HHS attempts to strengthen HIPAA privacy rules with new NPRM


HHS Secretary Kathleen Sebelius addressed the new rules and resources to strengthen the privacy of health information and to help Americans understand their rights and the resources available to safeguard their personal health data.

Led by the Office of the National Coordinator for Health IT and the HHS Office for Civil Rights, HHS is working with public and private partners to ensure that, as health IT is expanded to drive improvements in the quality and effectiveness of the nation’s healthcare system, Americans can trust that their health information is protected and secure, according to the department.

The proposed rule, currently available for public comment, would strengthen and expand HIPAA privacy, security and enforcement rules by:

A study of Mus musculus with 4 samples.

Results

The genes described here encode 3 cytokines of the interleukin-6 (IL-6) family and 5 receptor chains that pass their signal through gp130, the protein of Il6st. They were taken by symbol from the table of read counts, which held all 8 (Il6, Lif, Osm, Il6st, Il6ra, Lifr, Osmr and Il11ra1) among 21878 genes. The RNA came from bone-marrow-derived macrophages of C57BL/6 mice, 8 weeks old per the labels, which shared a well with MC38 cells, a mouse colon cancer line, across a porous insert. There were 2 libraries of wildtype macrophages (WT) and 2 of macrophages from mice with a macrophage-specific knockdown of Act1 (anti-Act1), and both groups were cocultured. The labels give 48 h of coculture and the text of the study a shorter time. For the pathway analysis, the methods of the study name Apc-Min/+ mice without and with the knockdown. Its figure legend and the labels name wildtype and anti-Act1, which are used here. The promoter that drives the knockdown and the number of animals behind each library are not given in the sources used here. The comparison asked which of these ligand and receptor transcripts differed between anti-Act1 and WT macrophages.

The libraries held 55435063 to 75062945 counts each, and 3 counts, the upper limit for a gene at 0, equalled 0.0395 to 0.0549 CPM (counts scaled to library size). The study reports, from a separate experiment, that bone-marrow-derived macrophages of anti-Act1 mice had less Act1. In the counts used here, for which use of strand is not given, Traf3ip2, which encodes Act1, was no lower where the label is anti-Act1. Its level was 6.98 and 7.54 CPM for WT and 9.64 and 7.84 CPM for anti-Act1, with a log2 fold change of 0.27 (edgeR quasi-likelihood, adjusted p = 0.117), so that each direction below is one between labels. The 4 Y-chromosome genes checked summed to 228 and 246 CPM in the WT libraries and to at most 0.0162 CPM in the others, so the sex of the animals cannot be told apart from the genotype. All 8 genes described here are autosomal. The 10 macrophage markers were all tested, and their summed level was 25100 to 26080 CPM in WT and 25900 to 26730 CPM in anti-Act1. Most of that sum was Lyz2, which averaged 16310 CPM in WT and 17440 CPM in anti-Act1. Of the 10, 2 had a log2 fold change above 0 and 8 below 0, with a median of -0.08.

• Expanding individuals’ rights to access their information and to restrict certain types of disclosures of protected health information to health plans;
  • Requiring business associates of HIPAA-covered entities to be under most of the same rules as the covered entities;
  • Setting new limitations on the use and disclosure of protected health information for marketing and fundraising; and
  • Prohibiting the sale of protected health information without patient authorization.

“To improve the health of individuals and communities, health information must be available to those making critical decisions, including individuals and their caregivers,” said Sebelius. “While health IT will help America move its healthcare system forward, the privacy and security of personal health data is at the core of all our work.”

The department also unveiled a privacy website to help visitors access information about ongoing HHS privacy efforts and the policies supporting them.

HHS is also looking more closely at entities that are not covered by HIPAA rules to understand better how they handle personal health information and to determine whether additional privacy and security protections are needed for these entities.

To view the proposed rule, click here.